Why you should be more careful driving on empty roads during the COVID-19 pandemic

Why you should be more careful driving on empty roads during the COVID-19 pandemic

Government data shows that road traffic levels have dropped by around 60% since the Government introduced social distancing and an enforced lockdown.

Rush hour, according to The Times,  has now all but disappeared from many UK cities with the country  ‘staying at home’. However, there are major concerns that lower traffic levels have led to some drivers speeding.

The Metropolitan Police clocked one driver doing 91mph in a 50mph section of the A12 in east London and another doing 118mph on a 70mph stretch of the A13.

Speeding – one of the fatal four

Police forces say speeding is one of the ‘fatal four’ causes of road traffic collisions, along with the illegal use of mobile phones at the wheel, not wearing a seatbelt and drink-driving.

According to Department for Transport data, 177 people were killed in 2018 due to exceeding the speed limit, with 1,257 suffering serious injuries. Overall, excessive speed was responsible for 4,652 road traffic collisions.  – or the equivalent of 13 road traffic collisions a day1 during 2018.

In addition to this, there were 374 fatalities and a total of 9,186 road collisions caused by drivers losing control of vehicles, indicating there were actually even more fatalities where speed could have been a major factor. This equates to around one fatality and 25 collisions a day.

Advice to drivers: slow down, save lives

Exceeding the speed limit at any time is illegal and dangerous. Lower traffic volumes shouldn’t be seen as an excuse for drivers to break the speed limit, neither should they be lulled into a false sense of security that they don’t need to pay as much attention to the road as they would do normally.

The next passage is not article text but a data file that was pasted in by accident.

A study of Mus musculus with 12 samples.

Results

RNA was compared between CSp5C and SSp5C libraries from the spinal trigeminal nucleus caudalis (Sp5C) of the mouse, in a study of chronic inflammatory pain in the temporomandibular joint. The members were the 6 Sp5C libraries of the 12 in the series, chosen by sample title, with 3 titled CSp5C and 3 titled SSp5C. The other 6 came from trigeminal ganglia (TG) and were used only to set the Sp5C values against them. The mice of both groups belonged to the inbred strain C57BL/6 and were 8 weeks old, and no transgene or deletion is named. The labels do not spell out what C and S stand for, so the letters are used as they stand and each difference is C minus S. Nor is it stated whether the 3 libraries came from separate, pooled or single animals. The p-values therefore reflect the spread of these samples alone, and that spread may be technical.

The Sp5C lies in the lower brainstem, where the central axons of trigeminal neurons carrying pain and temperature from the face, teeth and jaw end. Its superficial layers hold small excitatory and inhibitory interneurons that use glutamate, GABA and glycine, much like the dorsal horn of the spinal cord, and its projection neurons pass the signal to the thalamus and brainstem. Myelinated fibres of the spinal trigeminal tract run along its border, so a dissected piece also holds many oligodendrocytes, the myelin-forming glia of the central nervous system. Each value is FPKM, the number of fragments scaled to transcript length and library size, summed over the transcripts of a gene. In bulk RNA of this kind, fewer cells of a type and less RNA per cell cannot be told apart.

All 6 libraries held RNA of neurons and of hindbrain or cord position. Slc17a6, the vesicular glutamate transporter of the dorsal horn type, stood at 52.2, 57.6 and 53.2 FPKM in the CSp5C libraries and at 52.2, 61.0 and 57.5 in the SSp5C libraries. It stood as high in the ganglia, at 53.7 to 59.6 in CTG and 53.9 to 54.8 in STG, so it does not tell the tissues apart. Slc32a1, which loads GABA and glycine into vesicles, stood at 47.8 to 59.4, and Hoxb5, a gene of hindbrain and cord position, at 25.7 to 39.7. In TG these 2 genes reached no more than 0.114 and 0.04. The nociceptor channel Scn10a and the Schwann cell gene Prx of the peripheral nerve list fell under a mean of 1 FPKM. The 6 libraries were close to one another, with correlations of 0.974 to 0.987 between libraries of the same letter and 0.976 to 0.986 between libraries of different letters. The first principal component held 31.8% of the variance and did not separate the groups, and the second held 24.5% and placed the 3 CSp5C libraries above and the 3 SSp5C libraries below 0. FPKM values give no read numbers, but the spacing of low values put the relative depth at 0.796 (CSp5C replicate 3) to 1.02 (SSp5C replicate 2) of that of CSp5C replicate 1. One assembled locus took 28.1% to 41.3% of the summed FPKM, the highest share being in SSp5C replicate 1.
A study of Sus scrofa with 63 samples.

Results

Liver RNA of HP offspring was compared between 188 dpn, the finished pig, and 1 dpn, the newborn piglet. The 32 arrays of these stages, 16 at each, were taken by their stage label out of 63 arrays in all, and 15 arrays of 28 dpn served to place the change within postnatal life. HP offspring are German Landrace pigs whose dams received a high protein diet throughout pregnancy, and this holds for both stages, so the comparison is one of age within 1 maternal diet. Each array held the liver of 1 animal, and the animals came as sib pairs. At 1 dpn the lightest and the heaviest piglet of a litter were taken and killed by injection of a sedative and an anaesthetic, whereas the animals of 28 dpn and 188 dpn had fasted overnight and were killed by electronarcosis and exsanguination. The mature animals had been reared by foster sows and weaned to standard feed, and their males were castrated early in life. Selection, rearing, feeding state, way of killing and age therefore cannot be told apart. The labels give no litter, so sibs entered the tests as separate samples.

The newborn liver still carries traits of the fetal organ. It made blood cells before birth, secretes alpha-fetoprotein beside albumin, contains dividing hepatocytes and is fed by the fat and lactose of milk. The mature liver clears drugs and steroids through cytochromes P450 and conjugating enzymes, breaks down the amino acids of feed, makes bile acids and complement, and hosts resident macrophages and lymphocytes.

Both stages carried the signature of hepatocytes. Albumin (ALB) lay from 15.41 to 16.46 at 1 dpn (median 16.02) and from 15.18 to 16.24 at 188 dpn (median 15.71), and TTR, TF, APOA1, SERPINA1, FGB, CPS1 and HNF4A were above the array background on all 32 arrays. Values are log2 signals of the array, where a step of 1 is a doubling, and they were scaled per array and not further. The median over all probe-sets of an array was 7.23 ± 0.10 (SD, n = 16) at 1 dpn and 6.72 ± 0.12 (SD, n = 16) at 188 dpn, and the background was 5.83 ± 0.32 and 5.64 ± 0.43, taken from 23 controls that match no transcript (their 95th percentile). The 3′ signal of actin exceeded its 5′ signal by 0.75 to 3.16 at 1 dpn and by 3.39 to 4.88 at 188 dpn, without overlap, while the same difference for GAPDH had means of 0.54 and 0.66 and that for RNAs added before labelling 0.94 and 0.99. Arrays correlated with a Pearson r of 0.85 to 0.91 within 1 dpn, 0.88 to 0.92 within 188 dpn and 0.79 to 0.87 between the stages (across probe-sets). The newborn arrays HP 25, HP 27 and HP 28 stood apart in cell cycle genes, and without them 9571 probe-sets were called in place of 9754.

In fact, the RAC believes it’s never been more important to drive safely:

  • NHS capacity: The NHS is dealing with a pandemic which is putting significant pressure on resources and its attention must be focused on those who really need it at this unprecedented time. Over the coming days and weeks, hospitals may be overwhelmed by patients affected by COVID-19 so driving sensibly will not only improve the safety of all road users, it will also free up paramedics and hospitals to deal with the sick.
  • Policing: The police are busy keeping the public safe during the COVID-19 pandemic and enforcing social distancing guidelines and their resources should be focused on that, rather than having to deal with speeding drivers or worse, being called to the scene of a tragic, yet preventable road traffic collision.
  • Increased walkers crossing or in the road: Most of those taking their daily exercise by walking or jogging are following the Government’s social distancing guidelines. In residential areas this means sharing narrow paths may become increasingly difficult. Many pedestrians will choose to cross to the other side of the road to avoid getting too close to others or even walk in the road to provide enough space between themselves and others on the pavement.
  • Cyclists: Many people are using cycling as their daily ‘allowance’ of exercise or for commuting where they cannot work from home. Cyclists will also be exercising social distancing which means they may also need to move into the middle of the road to protect others on nearby pavements or when overtaking other cyclists on the road. More than ever, these vulnerable road users need drivers to look out for them.  
  • Parked vehicles: With so many people working from home during lockdown, residential roads are likely to have a higher proportion of parked vehicles on the street. This means it will be harder for drivers to spot pedestrians crossing the road between parked vehicles – another reason to go at safe speeds and remain alert.

Here is what the RAC is doing during the COVID-19 pandemic.

Find out everything you need to know about driving during the COVID-19 pandemic.